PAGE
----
Titicaca: South America’s Largest Lake
Lake Titicaca is the cultural birthplace of Inca civilization.
According to local folklore, the sun sent his son, Manco Capac, and the moon sent her daughter, Mama Ocllo, to emerge here and found the Inca Empire.
Lake Titicaca, South America’s largest lake, straddles the border of Peru and Bolivia at 12,500 feet above sea level. At this altitude, the water and air are remarkably clear.
Lake Titicaca’s levels were lower in former times—a temple, terraces, walls, and roads have been found below the surface.
Islands & Islets of Titicaca
Titicaca has 41 natural islands, in addition to countless floating islets. The Uros people, who live offshore near Puno, build floating islands and boats out of cut totora reed.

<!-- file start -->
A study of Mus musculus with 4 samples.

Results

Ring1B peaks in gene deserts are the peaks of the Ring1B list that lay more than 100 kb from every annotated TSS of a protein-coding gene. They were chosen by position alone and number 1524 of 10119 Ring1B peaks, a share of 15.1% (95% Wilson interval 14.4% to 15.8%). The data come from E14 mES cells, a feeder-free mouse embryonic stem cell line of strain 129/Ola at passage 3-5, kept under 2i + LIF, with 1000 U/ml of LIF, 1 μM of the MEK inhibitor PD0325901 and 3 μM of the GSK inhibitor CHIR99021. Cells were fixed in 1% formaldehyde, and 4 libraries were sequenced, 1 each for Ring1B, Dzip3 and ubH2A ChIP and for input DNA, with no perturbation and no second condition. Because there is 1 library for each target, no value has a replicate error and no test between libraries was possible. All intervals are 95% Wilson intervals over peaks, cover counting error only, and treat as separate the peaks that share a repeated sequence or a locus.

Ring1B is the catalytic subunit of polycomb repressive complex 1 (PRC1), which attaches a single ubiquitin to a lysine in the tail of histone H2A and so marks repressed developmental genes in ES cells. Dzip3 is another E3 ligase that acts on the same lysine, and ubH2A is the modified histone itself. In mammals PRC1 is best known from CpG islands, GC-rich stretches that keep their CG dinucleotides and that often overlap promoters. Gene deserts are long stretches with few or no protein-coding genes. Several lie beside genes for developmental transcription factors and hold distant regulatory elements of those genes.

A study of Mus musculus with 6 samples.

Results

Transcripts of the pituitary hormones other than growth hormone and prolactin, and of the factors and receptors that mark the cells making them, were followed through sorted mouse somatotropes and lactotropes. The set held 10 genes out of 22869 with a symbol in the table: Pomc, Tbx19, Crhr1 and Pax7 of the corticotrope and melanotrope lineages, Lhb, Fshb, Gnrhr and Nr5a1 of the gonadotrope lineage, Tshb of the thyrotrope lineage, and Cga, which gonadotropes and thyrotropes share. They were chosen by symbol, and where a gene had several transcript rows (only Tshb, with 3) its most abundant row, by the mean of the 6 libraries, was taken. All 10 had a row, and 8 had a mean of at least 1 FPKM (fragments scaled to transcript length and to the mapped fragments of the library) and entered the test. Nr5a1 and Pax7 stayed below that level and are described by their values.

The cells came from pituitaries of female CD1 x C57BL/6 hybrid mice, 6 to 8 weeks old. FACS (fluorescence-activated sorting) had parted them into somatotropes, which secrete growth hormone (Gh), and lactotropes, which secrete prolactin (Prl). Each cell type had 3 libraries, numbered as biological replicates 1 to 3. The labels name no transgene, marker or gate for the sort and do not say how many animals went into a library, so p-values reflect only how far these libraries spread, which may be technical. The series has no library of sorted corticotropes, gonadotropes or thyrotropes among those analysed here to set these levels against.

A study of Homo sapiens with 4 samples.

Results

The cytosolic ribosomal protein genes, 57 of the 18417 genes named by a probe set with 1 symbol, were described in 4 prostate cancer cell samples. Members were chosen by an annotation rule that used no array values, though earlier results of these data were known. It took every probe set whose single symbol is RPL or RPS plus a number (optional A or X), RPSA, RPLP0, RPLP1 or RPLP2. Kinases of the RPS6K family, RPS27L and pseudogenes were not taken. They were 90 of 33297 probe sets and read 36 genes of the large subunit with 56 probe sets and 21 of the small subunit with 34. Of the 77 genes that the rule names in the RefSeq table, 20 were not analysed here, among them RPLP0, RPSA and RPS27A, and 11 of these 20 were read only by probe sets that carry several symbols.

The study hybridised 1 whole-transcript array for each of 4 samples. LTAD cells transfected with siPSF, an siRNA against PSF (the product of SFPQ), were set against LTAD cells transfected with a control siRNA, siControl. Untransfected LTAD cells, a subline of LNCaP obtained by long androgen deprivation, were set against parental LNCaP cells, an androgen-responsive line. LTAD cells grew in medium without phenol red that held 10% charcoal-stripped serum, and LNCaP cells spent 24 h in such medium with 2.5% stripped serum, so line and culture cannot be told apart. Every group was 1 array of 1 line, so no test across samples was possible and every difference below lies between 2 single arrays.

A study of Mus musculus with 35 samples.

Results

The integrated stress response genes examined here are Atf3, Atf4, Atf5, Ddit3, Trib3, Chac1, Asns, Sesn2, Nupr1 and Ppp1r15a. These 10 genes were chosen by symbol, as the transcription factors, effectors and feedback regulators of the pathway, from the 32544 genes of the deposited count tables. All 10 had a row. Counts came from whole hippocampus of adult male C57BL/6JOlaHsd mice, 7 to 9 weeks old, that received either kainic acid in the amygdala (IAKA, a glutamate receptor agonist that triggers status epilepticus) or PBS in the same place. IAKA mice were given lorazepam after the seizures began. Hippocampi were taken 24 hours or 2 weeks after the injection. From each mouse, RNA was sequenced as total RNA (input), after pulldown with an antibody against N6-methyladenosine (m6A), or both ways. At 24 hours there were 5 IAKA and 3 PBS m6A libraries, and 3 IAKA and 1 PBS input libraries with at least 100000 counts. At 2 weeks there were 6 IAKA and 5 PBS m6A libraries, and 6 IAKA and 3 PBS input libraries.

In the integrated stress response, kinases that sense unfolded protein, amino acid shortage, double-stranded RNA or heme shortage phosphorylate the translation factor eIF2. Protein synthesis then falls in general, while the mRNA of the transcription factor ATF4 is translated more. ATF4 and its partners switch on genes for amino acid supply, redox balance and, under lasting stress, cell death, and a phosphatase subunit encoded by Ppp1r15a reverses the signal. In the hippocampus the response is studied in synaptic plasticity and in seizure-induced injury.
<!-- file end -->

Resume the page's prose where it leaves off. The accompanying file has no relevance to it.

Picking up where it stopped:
The residents of Taquile Island, also near Puno, have maintained their traditional lifestyles and dress. Their highly-prized, back-loomed textiles can be purchased at the island’s cooperative store.
Isla del Sol and Isla de la Luna
On the Bolivian side of the lake are Isla del Sol and Isla de la Luna. Both played important roles in the Inca creation drama.
Another important site on the Bolivian side is the Basilica of Our Lady of Copacabana.
Also notable is the shrine of the Virgin of Copacabana, a revered image of the Blessed Virgin—and, a few miles from the lake’s eastern shore, the archeological complex of Tiwanaku.
Over the last decade, several high-quality hotels opened around Lake Titicaca.
Another rests on a private peninsula 45 minutes south of Puno.
There, visitors can explore the lake and surrounding communities away from the crowds.
Getting to Lake Titicaca
The climate is consistently cool and clear year-round.